CASPER, Wyo. The biggest misconception about senate file 111 is that students would be able to receive bachelors degrees at two years colleges which is not entirely correct.
A bachelor of applied science is specifically for vocational programs.
“That they can continue on so that they can advance their skills and leadership so that they could go from being let's say somebody in a shop or a small facility and then becoming like floor manager or regional manager.” Said Brad Tyndall, the President of Central Wyoming College.
Under the bill, students would complete their two-year associate's degree and continue their vocational program for another two years to receive their bachelors of applied science.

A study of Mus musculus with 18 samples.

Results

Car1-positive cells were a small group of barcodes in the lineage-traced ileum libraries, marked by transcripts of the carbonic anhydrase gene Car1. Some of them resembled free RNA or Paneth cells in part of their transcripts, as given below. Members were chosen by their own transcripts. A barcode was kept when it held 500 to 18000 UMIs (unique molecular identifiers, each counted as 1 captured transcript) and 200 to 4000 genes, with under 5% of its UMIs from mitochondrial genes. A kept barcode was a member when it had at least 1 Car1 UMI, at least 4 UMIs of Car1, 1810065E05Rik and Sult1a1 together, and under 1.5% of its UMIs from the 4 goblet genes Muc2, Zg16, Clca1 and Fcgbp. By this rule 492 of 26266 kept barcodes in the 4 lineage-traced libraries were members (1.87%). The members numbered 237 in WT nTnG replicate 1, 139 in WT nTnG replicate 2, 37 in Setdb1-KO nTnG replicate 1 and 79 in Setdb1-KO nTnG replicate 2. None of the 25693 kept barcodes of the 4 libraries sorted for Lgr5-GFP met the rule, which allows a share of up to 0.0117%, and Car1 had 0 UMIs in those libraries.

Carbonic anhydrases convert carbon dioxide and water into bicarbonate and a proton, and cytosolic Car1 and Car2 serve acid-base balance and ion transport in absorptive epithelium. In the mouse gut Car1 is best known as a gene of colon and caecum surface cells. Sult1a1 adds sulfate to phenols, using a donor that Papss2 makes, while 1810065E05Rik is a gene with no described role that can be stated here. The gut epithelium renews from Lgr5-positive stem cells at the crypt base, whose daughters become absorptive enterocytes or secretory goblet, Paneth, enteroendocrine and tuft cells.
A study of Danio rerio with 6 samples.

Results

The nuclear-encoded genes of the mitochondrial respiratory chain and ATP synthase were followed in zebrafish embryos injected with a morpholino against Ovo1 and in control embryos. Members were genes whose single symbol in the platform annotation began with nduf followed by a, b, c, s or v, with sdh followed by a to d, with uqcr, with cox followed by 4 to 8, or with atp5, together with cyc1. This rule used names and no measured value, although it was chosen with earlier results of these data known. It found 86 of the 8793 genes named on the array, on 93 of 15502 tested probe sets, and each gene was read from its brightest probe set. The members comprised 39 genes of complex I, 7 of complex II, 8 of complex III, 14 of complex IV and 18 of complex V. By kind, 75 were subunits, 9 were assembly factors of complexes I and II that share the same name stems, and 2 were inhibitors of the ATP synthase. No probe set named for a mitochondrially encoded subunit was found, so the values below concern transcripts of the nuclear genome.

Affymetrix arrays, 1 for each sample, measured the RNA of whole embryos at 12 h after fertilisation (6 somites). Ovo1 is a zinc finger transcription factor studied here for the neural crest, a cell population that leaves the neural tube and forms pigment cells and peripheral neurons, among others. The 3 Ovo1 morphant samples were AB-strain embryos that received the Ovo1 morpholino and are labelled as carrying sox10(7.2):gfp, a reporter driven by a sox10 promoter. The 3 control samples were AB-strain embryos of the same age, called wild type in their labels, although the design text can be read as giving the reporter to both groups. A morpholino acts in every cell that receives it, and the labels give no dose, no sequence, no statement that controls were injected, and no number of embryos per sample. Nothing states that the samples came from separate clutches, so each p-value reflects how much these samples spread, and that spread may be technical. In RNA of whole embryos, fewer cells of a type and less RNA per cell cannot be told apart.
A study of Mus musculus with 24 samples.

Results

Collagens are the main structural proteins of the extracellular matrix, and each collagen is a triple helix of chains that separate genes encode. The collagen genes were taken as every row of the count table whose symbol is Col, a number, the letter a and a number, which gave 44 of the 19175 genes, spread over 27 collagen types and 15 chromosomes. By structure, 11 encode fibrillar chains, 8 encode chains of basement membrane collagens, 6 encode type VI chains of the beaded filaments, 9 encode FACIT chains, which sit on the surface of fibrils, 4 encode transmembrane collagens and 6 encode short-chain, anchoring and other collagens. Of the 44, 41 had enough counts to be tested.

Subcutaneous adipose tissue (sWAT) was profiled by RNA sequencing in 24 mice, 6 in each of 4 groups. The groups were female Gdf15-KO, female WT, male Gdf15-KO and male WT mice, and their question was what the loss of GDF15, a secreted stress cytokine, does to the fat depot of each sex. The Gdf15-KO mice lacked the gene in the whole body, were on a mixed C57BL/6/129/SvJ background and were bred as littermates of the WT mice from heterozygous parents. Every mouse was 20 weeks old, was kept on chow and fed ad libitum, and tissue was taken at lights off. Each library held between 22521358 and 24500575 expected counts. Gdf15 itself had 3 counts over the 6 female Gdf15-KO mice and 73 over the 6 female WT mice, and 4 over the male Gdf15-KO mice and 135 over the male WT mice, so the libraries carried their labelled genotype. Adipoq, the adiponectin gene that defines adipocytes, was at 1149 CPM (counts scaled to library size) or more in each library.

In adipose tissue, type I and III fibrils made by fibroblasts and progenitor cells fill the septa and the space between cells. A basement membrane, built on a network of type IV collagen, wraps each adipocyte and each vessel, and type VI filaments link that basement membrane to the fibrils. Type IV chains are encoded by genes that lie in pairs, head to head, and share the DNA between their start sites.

“This is not us wanting to be universities at all, in fact, it wouldn't, theos wouldn't work I don't think we’d ever have the numbers to have a philosophy degree or a sociology degree. I just can't imagine that that could even possibly work.”
At this time, Casper College is a branch of UW where they offer four-year programs.
UW Admissions staff try to make it easy for students at two-year schools to transfer over.
“This sort of model that we have in Casper can be extended across the state uh uh with some of the other community colleges.” Said Chad Baldwin, the University of Wyoming Director of Institutional Communications. “Our concern is that some of this legislation would you know open the door so that the states lone four-year university would not be a participant in those programs.”
The bill passed its third reading in the Senate and now moves to the house for an introduction.